What is Prenatal Yoga?
Well, Prenatal Yoga is specifically designed for pregnant women in all three trimesters to connect with this transformational journey into becoming a mother. Basically, connecting to the mother within the growing body and the growing baby.
Through Prenatal Yoga you’ll learn tools and techniques to relieve aches and pains that come and go throughout pregnancy and even during labor and through regular practice, whether that’s three times a week or up to seven times a week.
What are the Benefits of Prenatal Yoga
- It can improve your sleep
- Reduces stress and anxiety
- Manage your weight through Prenatal yoga and even your moods during pregnancy and even during postpartum
- Increasing strength and endurance, reducing tension, aches, pains, and even possibly experiencing a calmer, quicker, more comfortable birth.
Dos and Don’ts in Maximizing the Benefits of Prenatal Yoga
- Do focus on presence
- Focus on your breath
- Focus on your growing body and the baby
- Do take breaks
- Take it easy
- Take modifications
Your body is changing every day and your practice will change every day. This isn’t the time to focus on getting a six pack and pushing yourself as hard as you can. This is a time to connect with the nurturer, the mother within and take care of yourself, listen to your body and all of that will reflect on your baby.
- Do stay hydrated. Bring a bottle of water with you to your mat every single time you come to practice.
- Take sips of water whenever you’re feeling thirsty.
- Take water breaks.
Now What are the Don’ts
- Don’t use heat
- Don’t practice in a heated room
- Don’t go outside and practice if it’s very hot. The thing is is that your body or your baby can’t regulate its own body temperature, so your baby relies on you to do that for it
- Make sure that you’re regulating your temperature and if you start to feel heated or warm at any point, then take a break or step outside to cool off
- Don’t do any big twists
- Don’t do big back bends
- Don’t practice any newer advanced postures
- Don’t lie on your belly
- Don’t do core work outside of prenatal guidance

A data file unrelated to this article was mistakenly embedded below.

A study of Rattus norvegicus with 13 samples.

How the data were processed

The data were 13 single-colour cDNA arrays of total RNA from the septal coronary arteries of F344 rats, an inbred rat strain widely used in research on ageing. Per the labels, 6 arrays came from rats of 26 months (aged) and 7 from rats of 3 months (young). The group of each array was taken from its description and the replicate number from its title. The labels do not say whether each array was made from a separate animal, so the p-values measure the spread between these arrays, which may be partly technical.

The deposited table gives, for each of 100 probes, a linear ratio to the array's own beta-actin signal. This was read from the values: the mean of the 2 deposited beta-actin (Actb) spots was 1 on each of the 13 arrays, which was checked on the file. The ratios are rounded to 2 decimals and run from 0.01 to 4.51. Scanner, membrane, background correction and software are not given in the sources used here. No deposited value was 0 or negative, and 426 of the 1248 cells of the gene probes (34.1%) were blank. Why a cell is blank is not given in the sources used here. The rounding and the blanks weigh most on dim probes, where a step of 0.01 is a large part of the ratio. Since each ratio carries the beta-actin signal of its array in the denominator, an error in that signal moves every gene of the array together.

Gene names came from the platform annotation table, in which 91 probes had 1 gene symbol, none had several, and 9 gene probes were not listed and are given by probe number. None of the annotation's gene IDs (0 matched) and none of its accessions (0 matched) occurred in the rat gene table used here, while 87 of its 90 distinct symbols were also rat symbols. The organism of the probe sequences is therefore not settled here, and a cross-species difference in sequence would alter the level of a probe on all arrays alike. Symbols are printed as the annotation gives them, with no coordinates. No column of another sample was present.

The reason for all of that is that this is a time to make space for baby. And you want to do what you can to create a loving and nurturing environment for baby.
Just because you’re not showing doesn’t mean that you’re not pregnant. So even very early on in your pregnancy, remind yourself to avoid the big twist, the big back bends, the lying on your belly, the new and advanced postures.
You definitely want the area around baby, the muscles and the ligaments to be able to relax so that when you grow it can all stretch and grow with you. And some of those things I mentioned, like the big twist and the back bends and the core work could lead to strain or possibly injury.
Therefore, be careful, be mindful and the good thing is that in Prenatal yoga, you’re not going to have to worry about any of that because your guide or the prenatal yoga teacher, will make sure that that’s not a part of your class anyway.
Prenatal Yoga Modification During Pregnancy
Let’s move on with some helpful modifications. You might experience swelling, a lot of fluid or even relaxing during your pregnancy that can cause your joints to feel sore and tender. Here are some helpful modifications if that’s the case, you can prop your hands on fingertips or fists instead of yoga hands on the mat.
Anytime that your wrists start to feel sore, you can use a blanket underneath your knees. Whenever you come into a tabletop or anytime you come to stand on your knees, it’s encouraged to take a wider stance in prenatal yoga and not only to make space for baby, but it helps with forward fold and helps with balance throughout your class and sitting on a bolster instead of sitting on the ground can help relieve tension on your lower back.
It can help align your pelvis and it can be really good for baby positioning later on. Anytime that you start to feel nauseous or hot in downward facing or maybe it’s just your wrists, you can always go to a table top and it’s very easy to go to different postures from tabletop the same way you would from downward facing.
Then finally, lie on left side instead of your back. If you ever start to feel hot, nauseous or dizzy. Now this is something that in the later part of your pregnancy, like third trimester and the second half of year pregnancy.
Anytime you’re lying on your back or just supine positions, and you start to feel hot and dizzy, that’s your body telling you to roll over just roll over and that’s all there is to it. These are some modifications and benefits of Prenatal yoga that you can use.